To understand and learn from the role America played in the Holocaust.


Obtain a copy of the PBS documentary America and the Holocaust: Deceit and Indifference.


Most histories of the Holocaust present the United States as a liberator of concentration camps and a champion of freedom. To its credit, the United States did play this vitally important role, but it also aided and abetted Nazi Germany in several key ways:

  1. It closed its borders to Jewish refugees.

  2. It set a precedent for legalizing racial discrimination (in fact, Hitler cited America's Jim Crow laws and racist immigration policies in justifying Germany's treatment of the Jews).

  3. It permitted anti-Semitism within its own borders (for example, in limiting the number of Jewish students admitted to college).

This darker side of history is covered in a scholarly and moving documentary called America and the Holocaust: Deceit and Indifference (part of "The American Experience" PBS series).


After discussing the background topic above, introduce the videotape as follows:

"This documentary examines the role America played in the genocide of the European Jews -- something that isn't often covered in American histories of World War II. Normally, America is portrayed exclusively as the liberator of Jews who were in Nazi death camps. In this video, though, you'll see that the truth is more complex.

As you watch, you may feel a sense of outrage that America could have been so apathetic in the face of Nazi atrocities. Ask yourself, though, where that apathy came from. Just as Stanley Milgram's research on obedience suggests that German actions grew out of normal tendencies that all of us have, ask yourself whether the American response also grew out of normal human tendencies. We can discuss this question further after the film."

Show the videotape (runtime: 80 minutes) and follow it with a class discussion that includes these questions:

  • Did anything in the video surprise you?

  • To what extent were Americans responsible for the Holocaust?

  • How hard did America try to save the Jews from being exterminated by the Nazis?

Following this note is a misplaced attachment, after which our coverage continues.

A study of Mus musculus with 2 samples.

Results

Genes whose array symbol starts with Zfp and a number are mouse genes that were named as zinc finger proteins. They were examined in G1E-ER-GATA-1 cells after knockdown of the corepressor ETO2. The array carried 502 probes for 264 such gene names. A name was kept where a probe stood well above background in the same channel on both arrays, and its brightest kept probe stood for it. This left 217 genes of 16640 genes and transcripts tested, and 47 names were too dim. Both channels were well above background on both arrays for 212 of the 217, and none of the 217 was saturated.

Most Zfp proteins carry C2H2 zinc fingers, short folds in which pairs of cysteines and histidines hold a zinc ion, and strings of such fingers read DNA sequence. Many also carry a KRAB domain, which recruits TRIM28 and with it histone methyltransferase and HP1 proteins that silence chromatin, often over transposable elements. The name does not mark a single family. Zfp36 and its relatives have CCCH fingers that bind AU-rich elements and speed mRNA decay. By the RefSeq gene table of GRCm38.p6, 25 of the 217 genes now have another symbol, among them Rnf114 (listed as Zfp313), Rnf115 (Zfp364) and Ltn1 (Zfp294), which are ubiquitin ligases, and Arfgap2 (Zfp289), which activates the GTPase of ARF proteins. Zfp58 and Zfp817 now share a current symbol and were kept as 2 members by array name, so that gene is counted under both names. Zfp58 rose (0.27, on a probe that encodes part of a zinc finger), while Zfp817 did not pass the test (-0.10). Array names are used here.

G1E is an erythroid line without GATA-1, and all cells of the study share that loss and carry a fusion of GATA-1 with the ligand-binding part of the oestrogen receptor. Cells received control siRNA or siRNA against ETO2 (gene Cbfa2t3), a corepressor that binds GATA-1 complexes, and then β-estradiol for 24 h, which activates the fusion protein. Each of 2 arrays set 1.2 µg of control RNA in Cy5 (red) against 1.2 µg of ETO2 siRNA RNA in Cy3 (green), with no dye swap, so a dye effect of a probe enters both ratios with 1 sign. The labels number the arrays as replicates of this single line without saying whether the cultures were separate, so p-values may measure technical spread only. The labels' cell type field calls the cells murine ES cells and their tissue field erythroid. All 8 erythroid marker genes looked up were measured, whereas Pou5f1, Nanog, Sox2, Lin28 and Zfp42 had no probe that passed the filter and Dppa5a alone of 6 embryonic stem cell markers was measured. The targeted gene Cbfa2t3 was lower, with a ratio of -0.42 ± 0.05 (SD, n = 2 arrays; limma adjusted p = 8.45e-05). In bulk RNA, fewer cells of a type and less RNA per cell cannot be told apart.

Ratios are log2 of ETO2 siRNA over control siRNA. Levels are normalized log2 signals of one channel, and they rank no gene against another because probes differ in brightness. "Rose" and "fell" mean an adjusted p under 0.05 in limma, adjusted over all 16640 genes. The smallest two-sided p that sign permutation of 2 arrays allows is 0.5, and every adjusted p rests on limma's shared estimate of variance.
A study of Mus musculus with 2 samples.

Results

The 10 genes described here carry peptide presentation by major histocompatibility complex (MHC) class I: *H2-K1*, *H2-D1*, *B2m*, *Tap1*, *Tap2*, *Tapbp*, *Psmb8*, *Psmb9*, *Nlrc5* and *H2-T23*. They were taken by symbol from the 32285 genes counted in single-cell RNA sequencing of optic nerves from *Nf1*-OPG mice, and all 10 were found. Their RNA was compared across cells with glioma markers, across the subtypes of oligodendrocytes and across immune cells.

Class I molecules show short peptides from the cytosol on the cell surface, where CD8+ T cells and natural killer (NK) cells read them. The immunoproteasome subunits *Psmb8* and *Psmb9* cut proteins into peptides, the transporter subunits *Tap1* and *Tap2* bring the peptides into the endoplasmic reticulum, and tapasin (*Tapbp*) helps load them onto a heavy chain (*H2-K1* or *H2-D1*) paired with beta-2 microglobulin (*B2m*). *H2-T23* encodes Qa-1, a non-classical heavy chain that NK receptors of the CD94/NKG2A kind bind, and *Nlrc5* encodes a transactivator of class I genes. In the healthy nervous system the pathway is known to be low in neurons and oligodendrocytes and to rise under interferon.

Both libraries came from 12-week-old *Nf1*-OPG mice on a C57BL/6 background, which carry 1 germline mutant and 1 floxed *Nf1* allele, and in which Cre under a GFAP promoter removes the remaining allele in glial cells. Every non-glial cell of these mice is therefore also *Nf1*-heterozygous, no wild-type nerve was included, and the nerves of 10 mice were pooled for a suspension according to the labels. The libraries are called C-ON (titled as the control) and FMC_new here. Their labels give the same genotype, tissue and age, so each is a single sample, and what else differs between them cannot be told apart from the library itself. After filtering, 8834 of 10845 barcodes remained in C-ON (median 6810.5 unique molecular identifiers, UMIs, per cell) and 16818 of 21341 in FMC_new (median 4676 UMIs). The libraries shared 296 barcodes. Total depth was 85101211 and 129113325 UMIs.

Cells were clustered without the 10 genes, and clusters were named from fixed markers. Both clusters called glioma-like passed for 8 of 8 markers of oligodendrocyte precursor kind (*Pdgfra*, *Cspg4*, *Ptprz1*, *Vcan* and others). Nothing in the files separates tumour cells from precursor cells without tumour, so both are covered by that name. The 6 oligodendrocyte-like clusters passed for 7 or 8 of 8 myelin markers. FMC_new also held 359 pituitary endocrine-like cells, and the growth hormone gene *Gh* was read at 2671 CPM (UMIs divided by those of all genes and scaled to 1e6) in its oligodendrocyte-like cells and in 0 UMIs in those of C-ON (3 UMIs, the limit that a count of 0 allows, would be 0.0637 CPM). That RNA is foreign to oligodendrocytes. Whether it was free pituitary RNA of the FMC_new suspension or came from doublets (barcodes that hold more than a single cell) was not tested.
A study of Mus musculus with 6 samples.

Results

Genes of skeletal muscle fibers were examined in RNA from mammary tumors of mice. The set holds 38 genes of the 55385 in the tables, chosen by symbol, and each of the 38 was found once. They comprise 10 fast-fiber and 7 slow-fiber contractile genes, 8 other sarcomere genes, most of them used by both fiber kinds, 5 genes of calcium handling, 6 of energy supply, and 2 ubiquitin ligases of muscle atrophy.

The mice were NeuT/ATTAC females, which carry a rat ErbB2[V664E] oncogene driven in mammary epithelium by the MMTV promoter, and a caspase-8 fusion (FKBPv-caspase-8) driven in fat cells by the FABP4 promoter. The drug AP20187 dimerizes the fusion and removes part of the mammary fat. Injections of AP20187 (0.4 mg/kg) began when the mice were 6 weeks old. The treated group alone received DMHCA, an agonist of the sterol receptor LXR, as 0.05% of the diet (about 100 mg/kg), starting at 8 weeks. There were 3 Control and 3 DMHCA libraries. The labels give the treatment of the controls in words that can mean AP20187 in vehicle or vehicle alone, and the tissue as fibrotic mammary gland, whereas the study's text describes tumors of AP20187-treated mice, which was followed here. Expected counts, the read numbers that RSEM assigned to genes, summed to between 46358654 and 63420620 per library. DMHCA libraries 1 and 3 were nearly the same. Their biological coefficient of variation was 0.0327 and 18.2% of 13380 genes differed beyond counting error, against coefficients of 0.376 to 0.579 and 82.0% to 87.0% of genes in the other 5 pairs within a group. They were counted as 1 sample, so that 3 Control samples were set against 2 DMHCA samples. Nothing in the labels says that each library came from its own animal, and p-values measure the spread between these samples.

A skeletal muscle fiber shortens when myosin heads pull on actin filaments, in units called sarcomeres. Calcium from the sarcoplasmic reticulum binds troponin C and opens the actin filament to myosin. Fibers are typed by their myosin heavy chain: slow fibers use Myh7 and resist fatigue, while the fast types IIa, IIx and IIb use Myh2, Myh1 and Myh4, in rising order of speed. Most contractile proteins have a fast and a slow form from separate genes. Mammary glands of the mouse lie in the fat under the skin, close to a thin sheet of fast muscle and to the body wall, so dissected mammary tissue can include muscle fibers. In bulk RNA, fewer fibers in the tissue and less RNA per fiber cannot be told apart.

• If the war had gone on a few more years and the European Jews were exterminated, would most Americans have grieved?

  • Why isn't the information in the video more widely known?

  • How relevant is the video to current affairs?

  • If a new Hitler came to power today, how would America respond?

  • Did the film make you think of recent cases in which genocide was committed while other countries stood by?

  • How closely have you followed recent cases of genocide? Can you describe any to the class?

  • Have you done anything to help prevent or end modern-day cases of genocide? Why or why not?

  • Could there be another Holocaust?

  • What does genocide look like -- that is, if you were a fly buzzing around randomly in Nazi Germany, what would you see?

To the last question, students often mention concentration camps, gas chambers, crematoria, and mass graves. Although these elements of the Holocaust are painfully vivid, it is worth noting that genocide involves a more mundane side in which people wake up in the morning, go to work, have dinner, and look the other way when atrocities occur. That is, from the random perspective of a fly, most scenes in Nazi Germany would not look very different than daily life today in the U.S. and other industrial nations. Any complete understanding of genocide must therefore include this uncomfortable truth and include the psychological underpinnings of genocide present in all people.


To instructors using Understanding Prejudice and Discrimination: If students have already read Section VI, one effective way to introduce the PBS video is by asking: (1) whether students previously knew about the relationship between Hitler and Henry Ford, and (2) why this relationship is rarely covered in history textbooks.

If your students took the Baseline Survey: You may want to discuss the Baseline Survey items regarding: (1) student images of the Holocaust, and/or (2) student knowledge of Henry Ford.

After the video, you might also consider discussing how psychological research on bystander intervention helps to explain America's "apathy" toward the plight of European Jews.


Be sure to stress that there is a difference between understanding behavior during the Holocaust and condoning it. Even though genocide -- like prejudice itself -- is partly the result of normal human tendencies, that does not excuse it or make it less reprehensible. The greatest value of understanding the link between genocide and human nature is that it affords greater protection against future tragedies.